There is no development without people
There is no development without people
Interview with Alexandr Nikolayenko, Regional Advisor, Deutsche Gesellschaft für Internationale Zusammenarbeit (GIZ)
Water allocation creates many problems between countries, explains Alexandr Nikolayenko. Alexandr is Regional Advisor for Transboundary Water Management for GIZ, and has over 20 years’ experience in the Central Asia water sector.
For one, he says, many different people and parties are involved in the decisions, and it is often based on different situations in various water departments, at borders, the current economic state, and foreign affairs, to name a few. Alexandr explains that though different bodies and stakeholders can reach decisions on water, the impact often does not go beyond their jurisdiction.
Instead, we need to involve all these people in the same decision-making process, he says. “This is absolutely necessary for intergovernmental decisions, because for one situation, we can have vastly different viewpoints at opposite sides of the border.” A solution is a basin planning methodology for Central Asia, and Alexandr has been involved in the development of one for a near-decade. This work came to fruition in the Smart Waters project.
The project has many achievements to be proud of but, for Alexandr, the dissemination of this methodology in Central Asia and Afghanistan is perhaps what stands out the most. Not having this has been one of the biggest problems at ministry and inter-ministry level, and it is a big result for water resources management in the region, he says.
A second aspect is the creation of Small Basin Councils. “The value of the SBCs lies in the involvement of different people in water allocation decisions. Issues can now be discussed around the same table.”
The establishment of the first basin councils in Turkmenistan and Uzbekistan in particular stand out, as is the support that helped create the necessary institutional and legal backing for this in Turkmenistan and Afghanistan.
Another notable achievement is the creation of Small Basin Councils across borders. “I believe that good relations between countries will help solve water allocation problems, and in this context SBCs in transboundary basins are big accomplishments.”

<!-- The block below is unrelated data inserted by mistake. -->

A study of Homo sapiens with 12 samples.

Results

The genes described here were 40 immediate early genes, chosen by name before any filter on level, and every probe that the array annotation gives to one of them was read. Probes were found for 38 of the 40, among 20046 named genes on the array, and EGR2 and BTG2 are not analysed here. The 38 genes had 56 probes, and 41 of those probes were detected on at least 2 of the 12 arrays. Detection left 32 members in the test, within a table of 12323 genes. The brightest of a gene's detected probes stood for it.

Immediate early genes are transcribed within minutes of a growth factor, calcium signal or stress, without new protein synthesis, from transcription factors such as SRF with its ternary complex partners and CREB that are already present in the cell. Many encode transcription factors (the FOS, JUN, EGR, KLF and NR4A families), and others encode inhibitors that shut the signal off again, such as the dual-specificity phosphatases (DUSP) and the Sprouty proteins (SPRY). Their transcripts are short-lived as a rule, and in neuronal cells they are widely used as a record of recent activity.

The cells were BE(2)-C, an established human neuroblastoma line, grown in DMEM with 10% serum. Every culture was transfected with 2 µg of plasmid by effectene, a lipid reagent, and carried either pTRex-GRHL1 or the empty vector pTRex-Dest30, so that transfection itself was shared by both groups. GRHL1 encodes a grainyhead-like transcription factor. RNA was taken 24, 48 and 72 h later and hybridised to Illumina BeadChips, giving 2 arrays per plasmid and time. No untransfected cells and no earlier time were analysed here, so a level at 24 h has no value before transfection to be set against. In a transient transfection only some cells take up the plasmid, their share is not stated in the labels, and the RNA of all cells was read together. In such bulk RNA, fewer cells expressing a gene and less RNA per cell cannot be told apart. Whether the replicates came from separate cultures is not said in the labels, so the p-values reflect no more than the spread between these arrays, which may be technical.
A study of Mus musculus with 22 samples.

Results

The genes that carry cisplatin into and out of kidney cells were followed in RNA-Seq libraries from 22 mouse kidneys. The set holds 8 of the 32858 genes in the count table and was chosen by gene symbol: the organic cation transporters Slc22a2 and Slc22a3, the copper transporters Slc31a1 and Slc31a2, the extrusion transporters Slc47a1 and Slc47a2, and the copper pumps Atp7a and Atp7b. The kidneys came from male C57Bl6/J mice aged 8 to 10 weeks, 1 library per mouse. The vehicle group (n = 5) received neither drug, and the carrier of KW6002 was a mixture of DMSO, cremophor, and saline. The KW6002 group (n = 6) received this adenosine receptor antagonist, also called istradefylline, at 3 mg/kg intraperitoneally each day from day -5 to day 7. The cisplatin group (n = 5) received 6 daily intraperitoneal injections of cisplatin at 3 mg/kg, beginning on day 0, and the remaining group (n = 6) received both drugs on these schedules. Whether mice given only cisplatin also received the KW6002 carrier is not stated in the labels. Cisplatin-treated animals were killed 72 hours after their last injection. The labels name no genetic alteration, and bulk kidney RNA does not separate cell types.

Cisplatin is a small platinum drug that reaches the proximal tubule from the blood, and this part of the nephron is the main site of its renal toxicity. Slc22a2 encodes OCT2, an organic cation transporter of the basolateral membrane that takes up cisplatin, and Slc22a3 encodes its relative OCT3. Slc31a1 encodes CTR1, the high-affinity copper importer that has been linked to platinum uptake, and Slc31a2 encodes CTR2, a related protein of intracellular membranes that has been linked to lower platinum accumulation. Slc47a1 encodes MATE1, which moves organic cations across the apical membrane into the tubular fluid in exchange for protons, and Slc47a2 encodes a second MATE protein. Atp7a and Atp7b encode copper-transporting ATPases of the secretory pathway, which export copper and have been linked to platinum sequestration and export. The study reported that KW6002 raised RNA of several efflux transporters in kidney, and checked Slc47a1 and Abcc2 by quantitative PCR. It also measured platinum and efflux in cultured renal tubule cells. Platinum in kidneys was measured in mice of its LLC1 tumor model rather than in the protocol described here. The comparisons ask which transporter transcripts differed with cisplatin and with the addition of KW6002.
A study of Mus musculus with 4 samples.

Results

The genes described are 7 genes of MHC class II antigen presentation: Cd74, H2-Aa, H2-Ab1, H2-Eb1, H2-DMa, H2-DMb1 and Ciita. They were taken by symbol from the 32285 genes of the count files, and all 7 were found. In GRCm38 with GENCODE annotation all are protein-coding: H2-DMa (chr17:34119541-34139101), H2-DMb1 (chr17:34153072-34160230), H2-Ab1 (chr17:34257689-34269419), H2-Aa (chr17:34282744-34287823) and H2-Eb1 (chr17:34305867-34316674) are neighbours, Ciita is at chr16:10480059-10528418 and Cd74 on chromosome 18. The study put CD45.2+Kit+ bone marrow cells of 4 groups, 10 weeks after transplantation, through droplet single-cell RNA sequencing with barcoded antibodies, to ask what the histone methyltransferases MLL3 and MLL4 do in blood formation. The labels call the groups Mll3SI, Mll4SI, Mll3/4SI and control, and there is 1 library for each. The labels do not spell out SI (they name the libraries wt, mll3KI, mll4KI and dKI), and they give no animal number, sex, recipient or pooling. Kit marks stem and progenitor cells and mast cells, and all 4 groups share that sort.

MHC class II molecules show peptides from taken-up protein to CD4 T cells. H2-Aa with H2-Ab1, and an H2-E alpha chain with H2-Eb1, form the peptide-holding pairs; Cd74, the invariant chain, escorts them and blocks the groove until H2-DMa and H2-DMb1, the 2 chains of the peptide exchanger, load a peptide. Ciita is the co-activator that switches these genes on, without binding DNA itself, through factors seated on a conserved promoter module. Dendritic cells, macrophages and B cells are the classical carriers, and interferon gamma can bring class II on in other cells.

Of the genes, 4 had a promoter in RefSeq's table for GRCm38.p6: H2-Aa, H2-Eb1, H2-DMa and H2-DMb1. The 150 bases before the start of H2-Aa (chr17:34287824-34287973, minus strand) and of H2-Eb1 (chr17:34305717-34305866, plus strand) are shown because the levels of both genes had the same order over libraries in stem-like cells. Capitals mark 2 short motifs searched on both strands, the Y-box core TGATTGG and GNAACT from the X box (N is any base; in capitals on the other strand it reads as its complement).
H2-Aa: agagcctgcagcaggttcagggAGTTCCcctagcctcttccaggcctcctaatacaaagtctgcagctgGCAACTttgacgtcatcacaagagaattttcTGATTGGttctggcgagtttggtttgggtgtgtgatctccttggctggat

Still, he says, the project’s legacy will be in the training provided to water management specialists on various levels. All training was always based on the same methodology for establishing Small Basin Councils and basin planning.
“Life happens, and situations between people can change but for real sustainability we need instruments. Now, we have this. Based on the knowledge conveyed to people through the training, together with the special methodologies that were created, we can develop a sustainable way forward.”
“Ten years ago, it was difficult to start such discussions, but now, after several years, it’s a different situation. Partners really want to use this system to develop water management plans.”
One of the main messages that Alexandr would like to leave participants with is that you should never be afraid to create new things. “It will provide you with opportunities to develop.” More than the work done for basins, all the work done for the Smart Waters project was really to provide people with new opportunities, he says. All that the project team and partners actually did was to help people access these opportunities. “For all development, the first step is people.” #USAIDCentralAsia
Smart Waters project is implemented by CAREC with the financial support of the United States Agency for International Development USAID during the period 2015-2020. Overall objective of the project is to enhance regional cooperation on shared water resources. Specifically, Smart Waters addresses the knowledge dis-lock in the region in water sector, builds working relations among water managers and specialists, and demonstrates the potential of the basin management approach and cooperation with the academia.